It’s me again, Dearest reader, with a new recipe. Aren’t you…THESE ARE DOG BISCUITS. I’M SORRY! *Cough* Now, now, hear me out. Don’t give me those Puppy Dog eyes! I’m sorry, I’ll be serious. Yeah, okay, this is a dog biscuit, but the ingredients are suitable, and really they’re used everywhere, for humans. They’re a healthy dog biscuit. What interested me was the lack of sugar. That and it uses carob, which insultingly is now considered for dogs rather than people. What a waste of good ingredient. It should be for us and our furry friends. I for one like carob, as does Naru, who ate hers plain. She doesn’t get too much carob as it makes her drink too much. So, where are we? Well, we’re eating dog biscuits. I used the carob dough from the above recipe, which when made up and baked is plain, but edible. So I thought I’d fill it with some buttercream and you know, it really worked. I was surprised. I suppose whenever I use buttercream it’s in an already sweet recipe and you lose the sweetness of it. Here it works as a contrast to the dry, unsweetened biscuit.
So, we get a carob oreo. Which are absurdly dark. Black as pitch as the saying goes. I did vacillate in whether to call them that or Vanilla Buttercream centred Carob Buckwheat Biscuits (A mouthful, eh?). A bit of cheekiness in the naming, but they bare some similarities to that ubiquitous cookie. A somewhat hard biscuit with a strong taste, carob is no chocolate sure, but it has a flavour profile that changes with coupled ingredients. No sugar means a taste more like dark chocolate. Just less bitter. Now, you and me, informed reader, know that copycat recipes rarely work as well unless they use similar ingredients, chances are they work because they change so much. This isn’t an oreo, don’t think that for a moment. I actually don’t, didn’t I guess, like oreos. This is a carob oreo, so if anyone has made this before, well, then I’m sunk, but as it stands I assume I’m the only one. So, if anyone make this and it doesn’t taste like this then they’re wrong. That’s just the way it is. Joking of course. This is just a biscuit with a lot less sugar than I could’ve used normally. A but of fun that turned out much better than I’d have thought it would’ve. It dunked well in a cup of rooibos tea.
I’m going backwards here. The dough is a hodgepodge of ingredients. It comes together fast, it’s basic, but easy to roll. I have better recipes for this kind of thing, but if you want a no sugar recipe, well there’s honey, oh, that sugar free bit confuses me, if you want a “low sugar”, a “no refined sugar”, a recipe without cane sugar is what I’m saying, then here we go. One caveat, this is really filling, deceptively so. That’s one of the reasons it caught my eye, there’s a lot of good stuff, that’s a technical term, packed in. You won’t feel quite so guilty when eating these, not that you should ever feel guilty eating. Stop lecturing? Got it! So if you want you could take the biscuit and eat it plain or you could find a healthier filling. Do share if you have any suggestions. Until next time.
Jack Update: (I feel as if I should dash out of the room and dash back) I grew chillies! I can’t eat them, but I grew them. The butternut squash experiment failed as the person who started the seeds left them too long in small pots. I’m not humorously referring to myself, I got them from someone else. I don’t do that to my pal the squash. There was one setting, but it died in the cold. They’ve been shoved, pummelled and compressed into the compost bins. Yeah, bins plural, there were a lot of vines. The good thing is the teepees held perfectly so if I wanted to try again next year with my own seeds I could grow them vertically again. As it is now there’s little growth, but a huge task in front of your old pal Jack. I need to dig out and lay down plastic in two huge areas. Then one gets sunken pots, wooden edging. Another gets the same, minus the pots and an additional grassy area for growing next year. I foresee pots in the rough areas when nothing can grow. Once the plastic is down it should make the weeds manageable. Another planter, the last thankfully, needs to be prepared. I also want to move a rain-barrel so more fiddling with guttering. I hope this means all next year will be devoted to growing and this will have all been worthwhile. Spare a thought for Dear Jack, will you kindest of readers, he has high hopes and not much else. Until we meet again.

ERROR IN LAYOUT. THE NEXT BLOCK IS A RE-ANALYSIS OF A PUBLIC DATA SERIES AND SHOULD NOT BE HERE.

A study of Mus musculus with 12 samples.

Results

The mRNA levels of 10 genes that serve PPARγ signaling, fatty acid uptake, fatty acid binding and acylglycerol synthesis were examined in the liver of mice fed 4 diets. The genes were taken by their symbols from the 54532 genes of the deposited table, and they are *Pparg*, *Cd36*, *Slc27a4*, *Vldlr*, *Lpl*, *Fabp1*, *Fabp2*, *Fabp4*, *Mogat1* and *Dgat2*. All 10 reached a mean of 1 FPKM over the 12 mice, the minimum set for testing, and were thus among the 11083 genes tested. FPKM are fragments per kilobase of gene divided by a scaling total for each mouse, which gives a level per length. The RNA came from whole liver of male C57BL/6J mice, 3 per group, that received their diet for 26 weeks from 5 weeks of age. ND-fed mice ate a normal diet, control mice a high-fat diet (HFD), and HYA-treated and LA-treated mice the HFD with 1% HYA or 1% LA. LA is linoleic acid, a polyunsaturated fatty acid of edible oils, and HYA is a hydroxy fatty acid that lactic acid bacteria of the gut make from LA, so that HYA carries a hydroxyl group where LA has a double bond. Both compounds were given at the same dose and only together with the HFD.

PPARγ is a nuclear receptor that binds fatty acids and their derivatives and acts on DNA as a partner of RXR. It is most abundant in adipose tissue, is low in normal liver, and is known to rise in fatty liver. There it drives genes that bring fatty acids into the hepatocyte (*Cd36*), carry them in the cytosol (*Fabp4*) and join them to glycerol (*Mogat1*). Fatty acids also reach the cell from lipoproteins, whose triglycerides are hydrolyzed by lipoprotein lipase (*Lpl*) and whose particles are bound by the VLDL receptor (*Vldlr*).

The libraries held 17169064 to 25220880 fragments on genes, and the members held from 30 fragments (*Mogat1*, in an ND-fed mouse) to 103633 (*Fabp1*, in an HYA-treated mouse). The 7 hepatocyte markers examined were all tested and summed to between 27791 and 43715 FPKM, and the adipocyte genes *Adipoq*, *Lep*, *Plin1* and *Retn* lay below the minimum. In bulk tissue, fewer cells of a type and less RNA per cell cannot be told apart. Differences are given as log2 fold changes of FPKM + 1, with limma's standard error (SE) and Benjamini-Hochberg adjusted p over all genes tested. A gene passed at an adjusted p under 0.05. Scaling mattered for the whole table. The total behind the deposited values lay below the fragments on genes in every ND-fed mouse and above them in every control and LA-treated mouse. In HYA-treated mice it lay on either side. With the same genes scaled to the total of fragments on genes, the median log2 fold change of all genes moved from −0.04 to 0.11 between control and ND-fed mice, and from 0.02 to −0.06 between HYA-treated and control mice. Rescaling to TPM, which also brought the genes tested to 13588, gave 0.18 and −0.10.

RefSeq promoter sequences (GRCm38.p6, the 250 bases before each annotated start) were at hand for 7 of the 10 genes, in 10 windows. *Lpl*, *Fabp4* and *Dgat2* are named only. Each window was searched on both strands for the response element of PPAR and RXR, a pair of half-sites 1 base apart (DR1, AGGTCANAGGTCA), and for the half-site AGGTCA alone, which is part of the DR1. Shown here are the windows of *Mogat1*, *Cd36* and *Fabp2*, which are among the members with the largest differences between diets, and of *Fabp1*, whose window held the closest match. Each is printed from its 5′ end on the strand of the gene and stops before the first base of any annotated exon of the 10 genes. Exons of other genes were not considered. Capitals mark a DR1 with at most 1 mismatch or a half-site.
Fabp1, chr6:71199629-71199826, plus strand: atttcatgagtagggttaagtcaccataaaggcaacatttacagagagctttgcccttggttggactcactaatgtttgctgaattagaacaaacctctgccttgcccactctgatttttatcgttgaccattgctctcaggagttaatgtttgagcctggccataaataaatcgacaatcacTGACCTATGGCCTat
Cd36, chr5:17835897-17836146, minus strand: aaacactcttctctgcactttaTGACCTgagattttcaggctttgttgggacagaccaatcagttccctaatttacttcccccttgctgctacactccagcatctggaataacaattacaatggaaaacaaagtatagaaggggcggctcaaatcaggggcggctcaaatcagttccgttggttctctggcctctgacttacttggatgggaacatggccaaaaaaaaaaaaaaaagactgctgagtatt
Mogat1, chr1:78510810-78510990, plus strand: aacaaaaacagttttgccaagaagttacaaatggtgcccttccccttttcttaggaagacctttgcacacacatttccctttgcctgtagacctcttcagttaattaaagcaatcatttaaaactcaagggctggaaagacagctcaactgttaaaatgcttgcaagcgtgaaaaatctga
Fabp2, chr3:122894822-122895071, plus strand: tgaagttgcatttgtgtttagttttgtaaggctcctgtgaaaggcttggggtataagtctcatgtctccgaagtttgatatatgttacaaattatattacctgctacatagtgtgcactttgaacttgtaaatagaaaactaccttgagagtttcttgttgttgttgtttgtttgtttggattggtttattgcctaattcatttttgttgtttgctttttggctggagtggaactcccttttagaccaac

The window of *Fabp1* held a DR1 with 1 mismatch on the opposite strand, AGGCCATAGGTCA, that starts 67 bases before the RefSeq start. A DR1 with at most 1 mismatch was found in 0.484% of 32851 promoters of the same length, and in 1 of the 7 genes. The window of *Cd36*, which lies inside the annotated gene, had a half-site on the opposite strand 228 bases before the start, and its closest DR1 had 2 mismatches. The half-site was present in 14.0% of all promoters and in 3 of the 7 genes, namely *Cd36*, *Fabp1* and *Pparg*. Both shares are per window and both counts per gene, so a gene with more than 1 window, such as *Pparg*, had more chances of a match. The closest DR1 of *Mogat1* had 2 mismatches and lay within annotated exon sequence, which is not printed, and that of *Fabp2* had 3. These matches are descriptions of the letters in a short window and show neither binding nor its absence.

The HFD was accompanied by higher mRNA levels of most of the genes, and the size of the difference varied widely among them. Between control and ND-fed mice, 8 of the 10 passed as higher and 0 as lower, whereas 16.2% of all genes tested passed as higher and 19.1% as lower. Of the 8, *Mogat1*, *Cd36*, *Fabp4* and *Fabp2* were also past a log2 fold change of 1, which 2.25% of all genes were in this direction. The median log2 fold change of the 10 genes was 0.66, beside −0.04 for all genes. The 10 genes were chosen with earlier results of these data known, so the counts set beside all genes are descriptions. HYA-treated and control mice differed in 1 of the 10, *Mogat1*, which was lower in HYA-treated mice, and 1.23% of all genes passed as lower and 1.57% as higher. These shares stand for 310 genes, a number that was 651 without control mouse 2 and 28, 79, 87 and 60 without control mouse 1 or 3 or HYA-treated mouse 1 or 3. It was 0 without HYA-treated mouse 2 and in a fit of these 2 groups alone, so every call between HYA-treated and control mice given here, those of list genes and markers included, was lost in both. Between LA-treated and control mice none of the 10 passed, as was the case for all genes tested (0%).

200g Buckwheat Flour
75g Natural Peanut Butter
1 Medium Egg (65g in Shell)
1/2 Ripe Banana (About 35g), Mashed
35g Carob Powder
1 Tbsp Coconut Oil, Room Temperature
1 Tbsp Honey
1/4 Tsp Baking Powder
Dash Vanilla Extract
150g Icing Sugar
35g Butter, Room Temperature
Dash Vanilla Extract
Milk as Needed
1. Preheat oven to 150c (Fan) and line a baking tray with greaseproof paper.
2. Mix together all the wet ingredients until smooth. Then stir in rest with a fork until a crumbly dough has started to form. Start to knead together, wet hands if dough is too dry and still crumbly, until a firm dough has been formed.
3. Roll out the dough to about 1/4 inch thickness, dough might crack and crumble slightly just rework it as needed, and cut out rounds, place them on the prepared tray and prick gently with a fork. Bake for 10-12 minutes until hard. Transfer to a wire-rack to cool completely.
1. Beat everything together with an electric mixer, adding Milk if too dry, until a fluffy white Buttercream has been achieved. A firmer buttercream works best. Add more Icing Sugar if too runny.
2. Pipe a dollop of Buttercream onto a biscuit and place another on top, pressing down until filling reaches the edge.